Voir dire is a critical step in any civil trial. The goal for each party during voir dire is to find truthful facts about the potential jurors and educate themselves so they can present their best case possible with confidence. But what exactly does “voir dire” mean? What are its origins? How is it different in Maryland? Find the answer to this and other legal questions here.
You might have heard the term “voir dire” while waiting to become a juror in your local courthouse. This term translates from French as ‘to speak truth.’ It’s ultimately an oath taken by jurors to tell the truth whether their statements are objectively accurate or subjectively honest or both. This is used by both parties when they’re picking a jury. It’s essential to determining who will sit in the jury box and decide the issue of the case. During this time, your attorney can develop a rapport with the jury so they can know that you, the plaintiff, are trustworthy and you have a meritorious claim. Afterwards, the official jury is selected from the panel and the jurors who aren’t selected are dismissed.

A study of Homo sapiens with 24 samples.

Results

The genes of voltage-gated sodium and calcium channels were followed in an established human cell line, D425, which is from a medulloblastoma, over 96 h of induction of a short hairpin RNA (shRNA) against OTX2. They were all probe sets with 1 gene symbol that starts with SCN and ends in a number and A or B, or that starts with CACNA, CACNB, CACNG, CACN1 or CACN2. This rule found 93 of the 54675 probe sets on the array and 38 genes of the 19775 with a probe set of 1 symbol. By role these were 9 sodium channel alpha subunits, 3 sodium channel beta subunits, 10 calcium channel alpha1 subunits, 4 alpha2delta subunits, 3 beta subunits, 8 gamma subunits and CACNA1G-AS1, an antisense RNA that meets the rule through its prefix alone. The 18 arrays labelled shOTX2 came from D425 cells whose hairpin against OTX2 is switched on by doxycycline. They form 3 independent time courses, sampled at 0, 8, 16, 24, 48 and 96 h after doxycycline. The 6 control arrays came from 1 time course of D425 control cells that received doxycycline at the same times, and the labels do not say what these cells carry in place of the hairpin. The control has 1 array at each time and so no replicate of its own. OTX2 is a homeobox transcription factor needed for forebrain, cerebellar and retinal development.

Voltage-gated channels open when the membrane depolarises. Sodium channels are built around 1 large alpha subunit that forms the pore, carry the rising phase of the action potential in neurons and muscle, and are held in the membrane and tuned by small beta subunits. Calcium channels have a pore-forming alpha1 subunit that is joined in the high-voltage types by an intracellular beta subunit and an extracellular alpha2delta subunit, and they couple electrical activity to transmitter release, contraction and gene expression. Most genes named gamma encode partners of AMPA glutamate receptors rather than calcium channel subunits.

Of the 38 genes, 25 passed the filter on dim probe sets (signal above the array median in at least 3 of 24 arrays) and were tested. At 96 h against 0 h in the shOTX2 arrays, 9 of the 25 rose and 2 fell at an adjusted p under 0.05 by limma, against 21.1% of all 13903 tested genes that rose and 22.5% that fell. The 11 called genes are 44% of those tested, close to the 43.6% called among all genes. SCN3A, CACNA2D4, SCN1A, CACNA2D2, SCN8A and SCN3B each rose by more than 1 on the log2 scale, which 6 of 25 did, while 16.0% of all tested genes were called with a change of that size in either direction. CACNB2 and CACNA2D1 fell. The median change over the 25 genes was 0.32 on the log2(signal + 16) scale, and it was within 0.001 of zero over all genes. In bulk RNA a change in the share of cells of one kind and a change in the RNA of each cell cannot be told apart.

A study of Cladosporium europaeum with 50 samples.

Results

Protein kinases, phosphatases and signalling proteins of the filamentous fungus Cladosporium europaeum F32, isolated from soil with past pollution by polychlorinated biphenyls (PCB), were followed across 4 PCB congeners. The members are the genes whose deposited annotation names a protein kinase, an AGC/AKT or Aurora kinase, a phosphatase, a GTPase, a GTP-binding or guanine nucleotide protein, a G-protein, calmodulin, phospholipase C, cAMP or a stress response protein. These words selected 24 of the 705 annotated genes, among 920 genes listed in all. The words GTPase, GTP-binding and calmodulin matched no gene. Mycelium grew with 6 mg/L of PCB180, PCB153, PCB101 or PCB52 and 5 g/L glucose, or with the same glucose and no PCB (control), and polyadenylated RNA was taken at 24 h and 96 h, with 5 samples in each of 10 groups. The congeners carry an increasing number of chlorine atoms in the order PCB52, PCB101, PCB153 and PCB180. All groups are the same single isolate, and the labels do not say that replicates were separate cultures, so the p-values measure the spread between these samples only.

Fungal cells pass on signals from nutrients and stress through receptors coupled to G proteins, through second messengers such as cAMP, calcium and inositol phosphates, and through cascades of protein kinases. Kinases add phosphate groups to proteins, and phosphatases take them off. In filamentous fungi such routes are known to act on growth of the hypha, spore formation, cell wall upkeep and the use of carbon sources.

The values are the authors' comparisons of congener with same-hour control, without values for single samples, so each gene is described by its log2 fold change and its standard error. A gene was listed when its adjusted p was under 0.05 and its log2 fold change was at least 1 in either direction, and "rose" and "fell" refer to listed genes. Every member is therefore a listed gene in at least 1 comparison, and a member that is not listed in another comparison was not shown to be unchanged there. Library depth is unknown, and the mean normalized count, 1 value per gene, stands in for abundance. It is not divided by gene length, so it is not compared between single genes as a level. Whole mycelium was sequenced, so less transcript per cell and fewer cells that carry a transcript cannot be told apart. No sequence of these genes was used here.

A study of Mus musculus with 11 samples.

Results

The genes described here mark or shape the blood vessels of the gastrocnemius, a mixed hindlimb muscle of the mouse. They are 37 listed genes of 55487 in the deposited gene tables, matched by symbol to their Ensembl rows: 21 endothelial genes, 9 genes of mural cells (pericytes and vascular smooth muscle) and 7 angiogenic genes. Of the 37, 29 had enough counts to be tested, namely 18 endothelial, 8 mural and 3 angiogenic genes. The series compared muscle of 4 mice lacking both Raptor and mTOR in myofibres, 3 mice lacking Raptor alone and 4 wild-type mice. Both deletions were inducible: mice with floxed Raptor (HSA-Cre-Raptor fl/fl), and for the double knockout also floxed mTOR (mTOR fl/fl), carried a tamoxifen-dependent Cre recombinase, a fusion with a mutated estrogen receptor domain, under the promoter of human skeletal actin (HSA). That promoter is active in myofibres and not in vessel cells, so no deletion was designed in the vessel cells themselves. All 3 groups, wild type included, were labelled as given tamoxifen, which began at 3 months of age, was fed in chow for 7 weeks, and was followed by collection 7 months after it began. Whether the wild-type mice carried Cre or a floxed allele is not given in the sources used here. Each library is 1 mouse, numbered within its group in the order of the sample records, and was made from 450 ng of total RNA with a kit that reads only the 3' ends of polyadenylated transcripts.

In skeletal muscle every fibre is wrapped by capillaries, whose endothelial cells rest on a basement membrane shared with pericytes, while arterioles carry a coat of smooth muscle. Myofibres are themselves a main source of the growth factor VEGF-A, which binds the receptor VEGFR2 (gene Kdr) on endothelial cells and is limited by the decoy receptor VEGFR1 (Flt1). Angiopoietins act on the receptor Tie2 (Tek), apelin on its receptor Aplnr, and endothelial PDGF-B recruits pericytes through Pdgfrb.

There are very specific restrictions on voir dire in Maryland. There is only so much questioning you can do with potential jurors. If further investigation of the best jurors is needed, then a Maryland Voir Dire motion can be filed but it’s up to the discretion of the judge.
You want to make sure you have a trustworthy group of jurors for your personal injury case. As always, a skilled trial lawyer in your corner can make all the difference. The attorneys at Malloy Law Offices, LLC are experts in both the court room and the board room. Whether your case is resolved out of court or through legal proceedings we are prepared to fight for you and win the maximum possible compensation for your injuries, pain and suffering, and lost wages. Contact us today for a free consultation.